The Air Force is sticking with longtime contractor LinQuest Corp. for engineering support of its communications satellites, even as the Pentagon considers radical changes to its space architecture.

LinQuest doesn’t build the satellites themselves, but under the $562 million, seven-and-a-half year contract, the company provides engineering, integration and solution support for satellite systems and architecture. LinQuest was one of two companies to submit bids for the contract.

“We provide a model-based systems engineering capability and integration to assist the government from everything from the very start of a program [...] to operations, monitoring operations and then we have sustainment,” said Chris Beres, general manager of the space systems engineering and integration group at LinQuest. “That is all, if you will, womb to tomb, part of the scope of this [MILSATCOM] contract.”

“This capability [helps the Air Force] assess and balance their investments, and how they inform their decisions with data that we provide. They can do portfolio optimization, course of actions, analysis of alternatives, what ifs, [...] so they can figure out where they spend the next dollar, how they are going to set up their architecture,” he added.

The MILSATCOM contract covers support for both the Advanced Extremely High Frequency satellite system, which provides secure, anti-jamming communications for the military and the Wideband Global SATCOM system, as well as the AEHF sister program covering the Arctic, the Enhanced Polar System.

Beres said the new contract does not differ significantly from the services LinQuest was already providing. However, it comes at a time when the Pentagon is restructuring its space organization and rethinking its approach to the national security space architecture. Most notably, the Trump administration is working to establish a sixth branch of the military dubbed the Space Force that would take over many of the Air Force’s space-related activities. Less discussed but just as notable, the Air Force has begun restructuring its primary space acquisition arm, the Space and Missile Systems Center, and the Pentagon has established the Space Development Agency to design a new architecture for national security space satellites.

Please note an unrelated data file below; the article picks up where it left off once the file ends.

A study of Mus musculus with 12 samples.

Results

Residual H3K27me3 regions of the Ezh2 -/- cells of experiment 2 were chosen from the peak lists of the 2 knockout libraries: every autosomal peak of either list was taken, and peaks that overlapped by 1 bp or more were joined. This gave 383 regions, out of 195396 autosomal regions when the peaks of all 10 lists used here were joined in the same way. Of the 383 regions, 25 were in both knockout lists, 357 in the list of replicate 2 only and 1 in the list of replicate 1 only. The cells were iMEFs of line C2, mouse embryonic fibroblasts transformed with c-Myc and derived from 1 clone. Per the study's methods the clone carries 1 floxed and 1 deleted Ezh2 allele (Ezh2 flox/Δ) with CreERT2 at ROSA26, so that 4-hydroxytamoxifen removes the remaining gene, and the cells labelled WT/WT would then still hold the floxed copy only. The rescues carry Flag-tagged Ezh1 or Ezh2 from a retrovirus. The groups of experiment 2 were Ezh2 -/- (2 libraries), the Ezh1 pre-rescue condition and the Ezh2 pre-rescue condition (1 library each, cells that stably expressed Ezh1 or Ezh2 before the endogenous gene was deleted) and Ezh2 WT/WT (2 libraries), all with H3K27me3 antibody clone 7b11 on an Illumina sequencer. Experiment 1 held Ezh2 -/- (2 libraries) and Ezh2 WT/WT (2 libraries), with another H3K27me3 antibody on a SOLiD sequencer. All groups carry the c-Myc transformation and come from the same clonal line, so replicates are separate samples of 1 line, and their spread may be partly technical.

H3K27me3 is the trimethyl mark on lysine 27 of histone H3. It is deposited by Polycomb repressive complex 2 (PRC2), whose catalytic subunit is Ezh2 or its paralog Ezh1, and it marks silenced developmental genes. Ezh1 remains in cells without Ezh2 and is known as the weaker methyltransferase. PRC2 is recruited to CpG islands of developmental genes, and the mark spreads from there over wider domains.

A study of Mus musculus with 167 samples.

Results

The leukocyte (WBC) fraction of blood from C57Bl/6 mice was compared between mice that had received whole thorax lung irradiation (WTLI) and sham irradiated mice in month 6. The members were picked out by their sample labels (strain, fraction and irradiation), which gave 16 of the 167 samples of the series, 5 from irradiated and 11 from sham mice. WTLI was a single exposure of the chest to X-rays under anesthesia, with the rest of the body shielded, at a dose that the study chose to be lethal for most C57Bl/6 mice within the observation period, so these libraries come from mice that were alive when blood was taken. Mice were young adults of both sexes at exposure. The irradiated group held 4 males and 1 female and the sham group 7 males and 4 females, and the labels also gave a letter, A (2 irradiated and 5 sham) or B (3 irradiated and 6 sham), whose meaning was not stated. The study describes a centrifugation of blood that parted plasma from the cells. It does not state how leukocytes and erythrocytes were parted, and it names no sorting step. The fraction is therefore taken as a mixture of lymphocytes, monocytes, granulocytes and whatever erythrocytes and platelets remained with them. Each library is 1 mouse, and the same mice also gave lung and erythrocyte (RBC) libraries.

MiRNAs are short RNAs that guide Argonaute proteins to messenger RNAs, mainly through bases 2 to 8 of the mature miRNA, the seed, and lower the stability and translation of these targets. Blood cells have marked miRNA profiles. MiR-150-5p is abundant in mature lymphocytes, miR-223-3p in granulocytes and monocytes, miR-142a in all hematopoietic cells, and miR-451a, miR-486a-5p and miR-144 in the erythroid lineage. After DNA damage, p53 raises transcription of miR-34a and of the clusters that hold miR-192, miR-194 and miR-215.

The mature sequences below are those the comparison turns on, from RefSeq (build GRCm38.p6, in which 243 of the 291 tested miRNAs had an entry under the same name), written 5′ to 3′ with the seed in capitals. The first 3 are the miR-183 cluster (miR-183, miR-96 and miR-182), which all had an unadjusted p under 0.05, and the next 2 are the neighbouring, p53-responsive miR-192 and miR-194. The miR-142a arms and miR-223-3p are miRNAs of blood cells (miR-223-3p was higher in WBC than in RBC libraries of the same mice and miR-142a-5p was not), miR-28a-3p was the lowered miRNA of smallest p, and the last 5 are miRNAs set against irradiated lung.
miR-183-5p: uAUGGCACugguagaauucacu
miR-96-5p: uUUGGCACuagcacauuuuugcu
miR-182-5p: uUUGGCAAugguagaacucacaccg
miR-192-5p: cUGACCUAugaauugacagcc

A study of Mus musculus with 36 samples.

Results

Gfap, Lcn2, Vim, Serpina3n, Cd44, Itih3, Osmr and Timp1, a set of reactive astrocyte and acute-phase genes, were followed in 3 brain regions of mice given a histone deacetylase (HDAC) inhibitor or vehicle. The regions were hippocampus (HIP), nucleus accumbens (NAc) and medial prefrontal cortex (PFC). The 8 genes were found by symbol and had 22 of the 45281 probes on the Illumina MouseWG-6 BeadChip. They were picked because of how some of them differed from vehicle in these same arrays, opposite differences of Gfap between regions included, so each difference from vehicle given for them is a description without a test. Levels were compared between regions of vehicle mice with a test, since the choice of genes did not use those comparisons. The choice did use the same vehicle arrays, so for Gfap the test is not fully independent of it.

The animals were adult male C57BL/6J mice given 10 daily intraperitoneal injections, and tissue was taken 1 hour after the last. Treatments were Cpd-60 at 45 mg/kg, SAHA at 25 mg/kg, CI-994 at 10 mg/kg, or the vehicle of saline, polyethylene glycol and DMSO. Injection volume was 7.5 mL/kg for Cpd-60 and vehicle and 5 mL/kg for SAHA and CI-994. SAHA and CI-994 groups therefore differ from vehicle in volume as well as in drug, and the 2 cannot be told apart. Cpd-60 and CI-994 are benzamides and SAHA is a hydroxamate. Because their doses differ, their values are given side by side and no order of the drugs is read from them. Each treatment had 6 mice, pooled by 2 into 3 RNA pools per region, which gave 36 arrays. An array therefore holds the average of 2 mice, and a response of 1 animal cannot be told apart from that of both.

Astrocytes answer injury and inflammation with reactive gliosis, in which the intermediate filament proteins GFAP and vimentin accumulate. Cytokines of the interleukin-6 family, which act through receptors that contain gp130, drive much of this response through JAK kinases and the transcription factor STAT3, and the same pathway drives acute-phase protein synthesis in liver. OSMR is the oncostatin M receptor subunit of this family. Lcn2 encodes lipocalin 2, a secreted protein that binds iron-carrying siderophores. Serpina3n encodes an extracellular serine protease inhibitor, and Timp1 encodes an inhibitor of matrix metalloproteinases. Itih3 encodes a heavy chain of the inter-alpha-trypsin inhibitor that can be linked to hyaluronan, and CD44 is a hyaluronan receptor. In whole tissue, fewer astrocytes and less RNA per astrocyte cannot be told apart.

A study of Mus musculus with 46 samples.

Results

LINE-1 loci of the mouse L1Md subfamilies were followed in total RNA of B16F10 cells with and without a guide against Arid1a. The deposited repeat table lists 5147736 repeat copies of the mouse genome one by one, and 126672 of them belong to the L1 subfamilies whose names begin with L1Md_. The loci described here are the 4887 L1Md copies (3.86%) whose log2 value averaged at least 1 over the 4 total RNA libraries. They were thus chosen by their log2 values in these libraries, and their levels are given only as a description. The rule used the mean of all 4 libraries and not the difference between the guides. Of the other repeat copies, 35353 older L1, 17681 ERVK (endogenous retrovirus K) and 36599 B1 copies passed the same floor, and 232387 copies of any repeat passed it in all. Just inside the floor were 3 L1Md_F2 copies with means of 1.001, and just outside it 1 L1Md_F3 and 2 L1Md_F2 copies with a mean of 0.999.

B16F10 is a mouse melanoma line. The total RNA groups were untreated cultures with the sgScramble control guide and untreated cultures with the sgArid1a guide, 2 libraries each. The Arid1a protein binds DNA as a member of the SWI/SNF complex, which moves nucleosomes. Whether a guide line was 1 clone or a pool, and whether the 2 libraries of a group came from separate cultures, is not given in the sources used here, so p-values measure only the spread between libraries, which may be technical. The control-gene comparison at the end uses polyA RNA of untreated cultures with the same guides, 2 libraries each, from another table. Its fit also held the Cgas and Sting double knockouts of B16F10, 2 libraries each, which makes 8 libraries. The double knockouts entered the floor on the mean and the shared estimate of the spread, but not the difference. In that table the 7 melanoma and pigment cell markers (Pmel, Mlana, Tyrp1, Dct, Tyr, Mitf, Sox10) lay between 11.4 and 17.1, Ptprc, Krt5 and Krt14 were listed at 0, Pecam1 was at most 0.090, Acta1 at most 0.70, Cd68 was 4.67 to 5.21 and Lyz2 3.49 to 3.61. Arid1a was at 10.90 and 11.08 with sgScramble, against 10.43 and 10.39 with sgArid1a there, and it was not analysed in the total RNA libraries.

A notional space architecture released by the Space Development Agency envisioned a mesh network of satellites based within a commercial constellation in low earth orbit, with each satellite hosting multiple Department of Defense payloads. The network would encompass several layers of satellites, with each layer serving one or more of the Pentagon’s space-related functions. By spreading out those payloads over multiple smaller, cheaper satellites instead of putting up a handful of large, exquisite satellites that host a single payload, the SDA hopes to both save money and create a more resilient system where the loss of one satellite is less problematic.

It’s not clear at this point whether this new mesh network would absorb MILSATCOM programs if adopted, but the principles and capabilities behind SDA’s vision are also informing the next generation of military communications satellites that LinQuest will help develop under the new contract.

A major focus of the next-generation satellites is ensuring resilience through “diversification and disaggregation and proliferation,” said Beres. That can be seen in the follow-on satellites being developed to replace AEHF. There will ultimately be six AEHF satellites, the fifth of which is slated to be launched into orbit in August. The next-generation version will split into two, with one payload supporting strategic missions and a second payload supporting tactical missions. By disaggregating systems like this, the cost of losing a single satellite is partly mitigated and communications are made more resilient.

Nathan Strout covers space, unmanned and intelligence systems for C4ISRNET.